MAXX Potential

Building vs. Buying Talent: Which is right for you?

By The Team at MAXX

Many IT executives are routinely faced with decisions on whether to build vs. buy when it comes to critical business applications (There’s a great post on that topic here), but how can you apply this framework to your talent strategy? Should you build or buy the necessary talent to grow your team? Our take: as with enterprise software, a winning approach involves applying a strategic framework and the capacity to do both.

Is there anything more strategic than your culture and talent strategy?

It makes sense to buy talent, and by that, we mean paying market premiums for experienced professionals, when the role requires advanced skills such as prior leadership experience, industry knowledge, and a deep technical track record. When a candidate has amassed a resume of skills and experience, your investment decision is based on how they can integrate into your organization, and the immediate value they can add in terms of increased revenue or implementing cost-savings strategies.

For entry-level positions, however, turnover should be higher if you are finding capable and driven employees, and the selection process is less straightforward. You are looking for motivated individuals with the ability to become that senior professional one day. Integrating a build approach into your talent strategy is a long-term investment that will set your organization up for success and pay off well into the future.

The Unique Challenges of Entry-level Roles

Buying talent for entry-level roles can seem like a faster option initially, but it becomes more costly when you have to do it over and over again (as you should). On the surface these roles may seem less strategic, and can also consume a disproportionate amount of training time and recruiting expense to keep them staffed. Downtime for even the most junior roles is costly and presents an operational risk.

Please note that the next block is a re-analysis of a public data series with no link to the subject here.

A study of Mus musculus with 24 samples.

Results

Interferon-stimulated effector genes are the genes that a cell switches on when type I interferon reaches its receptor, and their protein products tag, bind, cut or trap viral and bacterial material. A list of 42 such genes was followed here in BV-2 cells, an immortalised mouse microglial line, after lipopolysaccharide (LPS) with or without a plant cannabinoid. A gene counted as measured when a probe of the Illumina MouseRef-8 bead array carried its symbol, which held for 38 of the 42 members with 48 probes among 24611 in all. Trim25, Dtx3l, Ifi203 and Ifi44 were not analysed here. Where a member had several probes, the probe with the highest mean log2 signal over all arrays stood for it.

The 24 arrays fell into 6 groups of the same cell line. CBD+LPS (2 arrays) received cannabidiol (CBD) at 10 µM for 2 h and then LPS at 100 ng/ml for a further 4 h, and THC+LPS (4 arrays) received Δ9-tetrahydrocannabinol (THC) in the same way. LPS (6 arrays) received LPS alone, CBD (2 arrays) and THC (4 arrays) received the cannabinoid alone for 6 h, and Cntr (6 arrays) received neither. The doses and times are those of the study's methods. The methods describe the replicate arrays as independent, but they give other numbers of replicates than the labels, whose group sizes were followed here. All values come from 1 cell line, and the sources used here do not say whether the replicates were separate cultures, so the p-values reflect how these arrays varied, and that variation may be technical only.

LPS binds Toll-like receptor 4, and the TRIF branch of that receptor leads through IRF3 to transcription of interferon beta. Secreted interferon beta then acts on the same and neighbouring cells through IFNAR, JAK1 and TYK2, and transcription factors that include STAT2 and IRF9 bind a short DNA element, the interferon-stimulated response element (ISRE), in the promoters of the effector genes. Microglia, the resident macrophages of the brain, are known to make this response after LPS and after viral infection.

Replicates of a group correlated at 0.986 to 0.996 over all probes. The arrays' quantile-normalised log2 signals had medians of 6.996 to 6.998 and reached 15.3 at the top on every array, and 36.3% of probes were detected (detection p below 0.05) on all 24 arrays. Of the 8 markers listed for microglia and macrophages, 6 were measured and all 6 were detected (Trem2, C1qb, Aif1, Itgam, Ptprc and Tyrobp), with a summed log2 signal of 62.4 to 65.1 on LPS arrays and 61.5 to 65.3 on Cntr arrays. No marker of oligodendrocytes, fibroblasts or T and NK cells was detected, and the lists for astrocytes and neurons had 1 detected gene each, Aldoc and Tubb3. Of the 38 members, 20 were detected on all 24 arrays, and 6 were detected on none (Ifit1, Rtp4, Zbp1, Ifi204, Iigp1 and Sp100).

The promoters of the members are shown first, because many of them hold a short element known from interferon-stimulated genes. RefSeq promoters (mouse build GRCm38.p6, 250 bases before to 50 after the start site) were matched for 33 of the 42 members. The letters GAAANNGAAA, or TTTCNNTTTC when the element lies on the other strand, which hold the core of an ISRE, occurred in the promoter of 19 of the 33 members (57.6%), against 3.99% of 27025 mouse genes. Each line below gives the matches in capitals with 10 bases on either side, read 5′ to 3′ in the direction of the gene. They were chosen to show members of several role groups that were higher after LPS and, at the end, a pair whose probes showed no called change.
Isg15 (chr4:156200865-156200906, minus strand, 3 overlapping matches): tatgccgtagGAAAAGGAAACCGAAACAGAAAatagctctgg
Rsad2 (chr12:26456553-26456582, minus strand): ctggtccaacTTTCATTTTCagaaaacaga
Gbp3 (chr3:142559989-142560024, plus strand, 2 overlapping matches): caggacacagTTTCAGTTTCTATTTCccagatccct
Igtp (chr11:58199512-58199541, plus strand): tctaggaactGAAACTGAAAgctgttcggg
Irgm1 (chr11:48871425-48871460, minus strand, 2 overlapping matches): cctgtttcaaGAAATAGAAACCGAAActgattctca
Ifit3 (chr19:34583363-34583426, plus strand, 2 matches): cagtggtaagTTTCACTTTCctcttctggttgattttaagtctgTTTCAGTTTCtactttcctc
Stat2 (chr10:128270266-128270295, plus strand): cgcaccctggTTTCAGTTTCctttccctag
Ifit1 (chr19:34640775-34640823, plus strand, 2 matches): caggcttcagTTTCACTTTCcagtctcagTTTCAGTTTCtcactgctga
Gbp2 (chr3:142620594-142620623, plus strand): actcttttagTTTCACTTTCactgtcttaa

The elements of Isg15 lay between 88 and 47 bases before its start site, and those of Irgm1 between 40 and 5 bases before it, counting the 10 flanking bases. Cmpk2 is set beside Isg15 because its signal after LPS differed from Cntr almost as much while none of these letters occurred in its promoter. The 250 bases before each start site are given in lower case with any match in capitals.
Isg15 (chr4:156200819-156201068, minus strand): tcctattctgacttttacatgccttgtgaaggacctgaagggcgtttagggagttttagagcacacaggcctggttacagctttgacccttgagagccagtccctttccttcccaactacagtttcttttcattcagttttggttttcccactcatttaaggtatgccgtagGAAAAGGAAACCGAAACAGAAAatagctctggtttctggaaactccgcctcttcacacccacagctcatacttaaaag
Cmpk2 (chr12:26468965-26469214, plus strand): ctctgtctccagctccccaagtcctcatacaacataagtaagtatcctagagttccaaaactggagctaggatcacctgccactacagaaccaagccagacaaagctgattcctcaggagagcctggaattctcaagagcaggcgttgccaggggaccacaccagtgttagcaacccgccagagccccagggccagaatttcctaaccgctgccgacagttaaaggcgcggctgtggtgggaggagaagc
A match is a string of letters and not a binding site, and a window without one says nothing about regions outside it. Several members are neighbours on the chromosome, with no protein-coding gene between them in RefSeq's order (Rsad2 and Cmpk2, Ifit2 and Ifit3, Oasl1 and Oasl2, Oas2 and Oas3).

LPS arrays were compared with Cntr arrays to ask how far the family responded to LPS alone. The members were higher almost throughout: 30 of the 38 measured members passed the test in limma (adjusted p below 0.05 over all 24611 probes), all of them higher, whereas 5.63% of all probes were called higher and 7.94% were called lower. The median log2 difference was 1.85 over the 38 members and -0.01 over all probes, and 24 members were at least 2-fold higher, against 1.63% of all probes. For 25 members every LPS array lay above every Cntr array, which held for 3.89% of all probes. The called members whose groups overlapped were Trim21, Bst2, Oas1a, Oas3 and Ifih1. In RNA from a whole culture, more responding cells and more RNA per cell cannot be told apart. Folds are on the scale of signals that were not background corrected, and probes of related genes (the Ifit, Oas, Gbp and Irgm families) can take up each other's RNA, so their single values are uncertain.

1. Hiring
    Entry-level candidates are lacking the years of experience that are sought after for more senior roles. This makes a traditional resumé the least valuable tool in making a selection. At this stage you are looking for two things: value-alignment and aptitude. These are hard to measure, and the cost of a mistake at this stage is high.
  2. Developing
    Mentoring entry-level talent takes time and attention away from experienced employees who are already at capacity. Many organizations also lack the capacity and budget to build a custom training program that includes dedicated full-time staff who are skilled, not only in their technical craft, but in the art of mentoring.
  3. Retaining
    High-potential employees are seekers of continuous growth and learning opportunities. Building a structured process for upskilling requires far more than purchasing a library of self-study training material (Don’t we have the Internet for that?). Most savvy leaders know that investing in their team creates a culture of continuous learning and growth that people will stick around for.

MAXX Potential was built by industry leaders who experienced these challenges first-hand and created a solution. Organizations have a need to invest in entry-level recruiting in order to grow their teams without taking away from other strategic imperatives. MAXX has cultivated a strong pipeline along with a supporting infrastructure specific to entry-level enterprise technology roles. We seek out people who have the potential and desire to break into the technology industry, and work with them to develop the skills needed to thrive in your organization. Our goal is to fill entry-level technology roles with people who are worth investing in and have the capability to contribute to your organization in a way that is meaningful starting day one.

So which approach is best for me?

The short answer is, it depends. It depends on where you are at in life, your financial situation, and your learning style. These past two years have made it clear that it’s essential to take control of your journey to maximize your potential both professionally and personally. At the end of the day, success in any field requires both knowledge AND skill. It really boils down to the order in which you acquire them, and what you can afford. If you are eligible for grants, or the ability to pay, a higher education experience can add valuable credentials to your resumé. If you’re thinking about signing loan papers, however, an apprenticeship is likely to produce far greater long-term economic outcomes. Many employers offer tuition reimbursement programs should you decide to pursue a degree later. Most hiring managers in the technology field are looking for examples of your work more than anything.

Let Us Take these Entry-level Challenges Off Your Plate

While we aren’t a fit for ALL of your talent needs, what we do at MAXX Potential, we do really well. As a partner, we offer effective solutions for filling entry-level technology roles with the least amount of risk and disruption.

With guaranteed backfill of vacated roles, customized on-the-job training, ongoing mentor support and zero conversion fees to hire at any time, MAXX Potential would be an impactful addition to your overall talent strategy. Contact us today.